Pro-life groups praised the Supreme Court for restoring a federal prohibition against at-home abortions.
The Supreme Court on Tuesday overruled lower-court decisions blocking Food and Drug Administration requirements that patients obtain abortion drugs in person. Mallory Quigley, vice president of the pro-life Susan B. Anthony List, said that clinics exploited the coronavirus pandemic to increase business amid lockdowns, encouraging the self-administered abortions that pro-choice advocates once characterized as dangerous "back-alley" procedures.
"The pro-abortion lobby has consistently sought to further jeopardize the health and safety of women by pushing deregulation of dangerous abortion drugs," Quigley said. "Planned Parenthood and the abortion lobby even sought to exploit the COVID-19 pandemic to push abortion by mail, promoting DIY abortion at home, upping the risk of serious complications."
The Supreme Court's ruling, decided by a 6-3 margin, stated that the lower courts should not have intervened to overturn the decision-making process of a federal agency devoted to public health issues.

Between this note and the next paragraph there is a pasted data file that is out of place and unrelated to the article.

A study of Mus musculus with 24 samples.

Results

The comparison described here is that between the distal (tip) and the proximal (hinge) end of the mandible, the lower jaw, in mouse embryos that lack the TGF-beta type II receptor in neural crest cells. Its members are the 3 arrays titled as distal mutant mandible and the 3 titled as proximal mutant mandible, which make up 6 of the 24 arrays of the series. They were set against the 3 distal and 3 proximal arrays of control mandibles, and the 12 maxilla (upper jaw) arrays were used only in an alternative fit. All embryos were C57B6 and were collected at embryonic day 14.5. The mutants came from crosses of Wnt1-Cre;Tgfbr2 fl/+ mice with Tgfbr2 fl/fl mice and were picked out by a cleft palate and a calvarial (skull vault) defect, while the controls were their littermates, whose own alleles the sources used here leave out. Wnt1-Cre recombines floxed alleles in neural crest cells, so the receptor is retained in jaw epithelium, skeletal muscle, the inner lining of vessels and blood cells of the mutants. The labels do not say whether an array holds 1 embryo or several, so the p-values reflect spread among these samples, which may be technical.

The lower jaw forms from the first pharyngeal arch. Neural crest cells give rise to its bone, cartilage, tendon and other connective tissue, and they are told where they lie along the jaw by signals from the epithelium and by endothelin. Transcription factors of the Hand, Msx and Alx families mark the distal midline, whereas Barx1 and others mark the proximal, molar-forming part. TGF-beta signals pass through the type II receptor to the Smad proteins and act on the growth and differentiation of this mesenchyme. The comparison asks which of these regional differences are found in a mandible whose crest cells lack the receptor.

Chief Justice John Roberts wrote that, in his view, "courts owe significant deference to the politically accountable entities with the 'background, competence, and expertise to assess public health.'"
Opponents to medication-induced abortions argued that facilitating remote access could lead to misuse of the drug without sufficient medical oversight and that the drug could potentially be used to end pregnancies unknowingly. Katie Glenn, a lawyer at Americans United for Life, said the regulation would protect women against coercive abortions.
"Removing the in-person dispensing requirement increased the risk of serious health complications and the likelihood that the drug would be misused," Glenn said.
Justice Elena Kagan joined Justice Sonia Sotomayor in a dissent. The pair criticized the FDA's policy for imposing "an unnecessary, unjustifiable, irrational, and undue burden on women seeking an abortion during the current pandemic."
Planned Parenthood echoed this criticism and called on the Biden administration to reverse the policy.
"Forcing patients to travel unnecessarily to a health center and risk COVID-19 exposure in order to access safe medication abortion is dangerous and serves only to create more barriers to care, especially for people of color and people with low incomes," the organization said in a statement.
Carol Tobias, president of National Right to Life, said the FDA's decision will help the agency maintain its control over the sale of abortion drugs. Current policies restrict the ability to sell abortion drugs to FDA-approved sellers.
"We are pleased that the U.S. Supreme Court recognizes the serious nature of chemical abortions and the need for the FDA to have protocols in place to protect women from potentially life-threatening and devastating side effects," Tobias said in a statement.